Saturday, September 22, 2007

$20 a Barrel Oil because of Iraq Predictions

by Ken Houghton

A letter-writer to Altercation asks about the legendary "$20 a barrel oil will pay for the Iraq War and then some" claim.

Rupert Murdoch is best known for having said it in an interview published 12 Feb 2003:
They'd certainly want to establish a democratic regime as soon as possible and they'd want to get out as soon as they can. It's got to be a question of handing the assets of Iraq back to the people of Iraq under a responsible government as soon as possible. I'm sure that's the game plan; what the time frame is, I don't know. The greatest thing to come of this to the world economy, if you could put it that way, would be $US20 a barrel for oil. That's bigger than any tax cut in any country. [emphasis mine]

But places such as NRO had already made the argument at length (17 Jan 2003):
War with Iraq is now likely, and timing of the war points to the first quarter. The war should end quickly with minimal casualties.

Differences between today and 1991 suggest that oil prices are unlikely to match the highs seen in 1990 — but that the correction [he means downward] is apt to be as severe. Here are the variables:

Iraq is a less important supplier of oil today....

A quick military victory could remove a major uncertainty facing world oil supplies....Under U.S. military occupation, oil exports would be expected to hold steady, as opposed to Saddam’s use of oil as a political weapon....The U.S. military will oversee oil production operations to secure volumes near Iraq’s current capacity of 3 million barrels a day or more, versus production of 2 million barrels a day in 2002.

Even if war is averted, oil prices should fall this year. The “no-war” scenario would likely come about if Saddam Hussein’s government complies with UN sanctions and cooperates with UN weapons inspectors. This scenario assumes a steadier flow of oil from Iraq in 2003 of, say, 2.8 million barrels a day, or 800,000 more barrels a day than in 2002.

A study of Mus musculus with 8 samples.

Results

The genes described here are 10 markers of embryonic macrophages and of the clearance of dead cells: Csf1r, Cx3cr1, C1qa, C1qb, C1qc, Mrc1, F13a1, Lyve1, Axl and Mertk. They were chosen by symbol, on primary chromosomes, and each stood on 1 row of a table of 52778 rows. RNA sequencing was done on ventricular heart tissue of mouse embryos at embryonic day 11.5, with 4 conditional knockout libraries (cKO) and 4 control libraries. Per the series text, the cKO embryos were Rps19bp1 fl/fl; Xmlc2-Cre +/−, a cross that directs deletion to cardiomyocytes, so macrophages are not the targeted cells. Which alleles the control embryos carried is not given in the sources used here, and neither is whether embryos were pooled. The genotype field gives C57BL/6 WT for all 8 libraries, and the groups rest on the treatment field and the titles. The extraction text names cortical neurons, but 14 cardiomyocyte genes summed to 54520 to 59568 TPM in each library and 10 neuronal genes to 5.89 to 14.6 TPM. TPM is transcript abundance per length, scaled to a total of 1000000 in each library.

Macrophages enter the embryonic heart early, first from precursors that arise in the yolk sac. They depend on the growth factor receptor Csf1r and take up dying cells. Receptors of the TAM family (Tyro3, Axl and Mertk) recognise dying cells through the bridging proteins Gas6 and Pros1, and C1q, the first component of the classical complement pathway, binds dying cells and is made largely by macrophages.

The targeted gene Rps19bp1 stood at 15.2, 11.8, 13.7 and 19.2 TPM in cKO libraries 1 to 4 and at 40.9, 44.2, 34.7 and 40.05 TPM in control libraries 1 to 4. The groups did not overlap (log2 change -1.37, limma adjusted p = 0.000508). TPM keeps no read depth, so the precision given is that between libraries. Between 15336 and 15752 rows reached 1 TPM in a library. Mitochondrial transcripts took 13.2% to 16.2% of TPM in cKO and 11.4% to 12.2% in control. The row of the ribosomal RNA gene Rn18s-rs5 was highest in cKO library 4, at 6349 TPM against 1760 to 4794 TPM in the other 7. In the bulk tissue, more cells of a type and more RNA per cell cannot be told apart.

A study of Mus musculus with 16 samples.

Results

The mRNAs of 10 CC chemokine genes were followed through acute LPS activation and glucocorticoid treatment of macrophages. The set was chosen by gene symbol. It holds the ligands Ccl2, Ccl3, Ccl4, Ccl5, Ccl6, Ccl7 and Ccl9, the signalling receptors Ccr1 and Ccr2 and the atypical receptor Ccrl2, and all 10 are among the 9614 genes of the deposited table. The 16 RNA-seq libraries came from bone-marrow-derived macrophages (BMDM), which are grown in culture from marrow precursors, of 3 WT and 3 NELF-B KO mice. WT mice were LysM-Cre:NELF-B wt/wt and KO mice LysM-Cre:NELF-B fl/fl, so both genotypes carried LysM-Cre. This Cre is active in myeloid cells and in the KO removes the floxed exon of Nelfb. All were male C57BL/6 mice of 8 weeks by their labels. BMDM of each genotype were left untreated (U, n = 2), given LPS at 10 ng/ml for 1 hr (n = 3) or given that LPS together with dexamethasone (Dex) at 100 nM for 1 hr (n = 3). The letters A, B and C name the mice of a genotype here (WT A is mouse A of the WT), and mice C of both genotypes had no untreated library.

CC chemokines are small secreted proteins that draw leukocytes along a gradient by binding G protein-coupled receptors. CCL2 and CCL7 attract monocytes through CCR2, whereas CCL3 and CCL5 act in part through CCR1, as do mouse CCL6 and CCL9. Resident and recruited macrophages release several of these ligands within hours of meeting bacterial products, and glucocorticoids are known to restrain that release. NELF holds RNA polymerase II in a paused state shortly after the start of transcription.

And higher production from Iraq would consume all, or more than all, of the increased call on OPEC oil projected for 2003, leaving no room for higher output by the other ten OPEC members — for the third year in a row — unless oil prices fall.* The persistent erosion in OPEC’s market share and need for revenues is apt to push members to cheat further on production quotas.

A drop in oil prices to a more normal level, of $18 to $20 barrels a day [? - I assume this is an editing error], would stimulate economic growth and likely would be beneficial to many industries, just as it was in 1991.** [emphases mine]

But beating up the NRO is rather pointless, especially as they had abundant company.

One of the earliest sources appears to be the Jerusalem Center for Public Affairs (26 November 2002):
many analysts believe that if America were to help a "pro-Western" Iraqi government to develop the country's oil resources, such a price spike would likely be followed by a sharp decline in oil prices (possibly to well under $20 a barrel). [emphasis mine]

Business Week at least cited a source, beating Murdoch by a full six weeks (30 Dec 2002):
The oil threat from an Iraqi war is less immediate but potentially more severe. Lehman Brothers Inc. global chief economist John Llewellyn in London figures there's a 70% chance that there will be no war or an easy war with Iraq, causing oil prices to fall to $20 a barrel. But he estimates that there is a 5% chance that the conflict could spread to other parts of the gulf, potentially driving oil prices to $75 a barrel or more. Impossible? He regards the $3 price increase resulting from Venezuela's troubles as a warning: "It shows what even a modest supply disruption can do in a tight market." [emphases mine--and I want to play poker with Mr. Llewellyn]

And, of course, despite being a late-comer to the party (31 March 2003), Money magazine piled-on with an article CNN headed with "Iraq has been on the sidelines of the oil world for 20 years. Soon it won't be.":
Indeed, while rebuilding Iraq's decrepit oil industry could cost the U.S. billions of dollars, that will be more than made up for by lower oil prices over the long term. For starters, $20-a-barrel oil would probably bring prices at the pump back down to about $1.35 a gallon, well below the current average of nearly $1.71. For a typical SUV driver, that's a savings of $228 a year.***

*Note the contrast between Iraq "leaving no room" and the "third year in a row" declaration--which would include 2002, when Iraqi production was 1MM bbl below capacity.

**The 1991 production gain notably came from restoring Kuwait, not destroying Iraq.

***How's that working out for SUV drivers? Oh, yeah.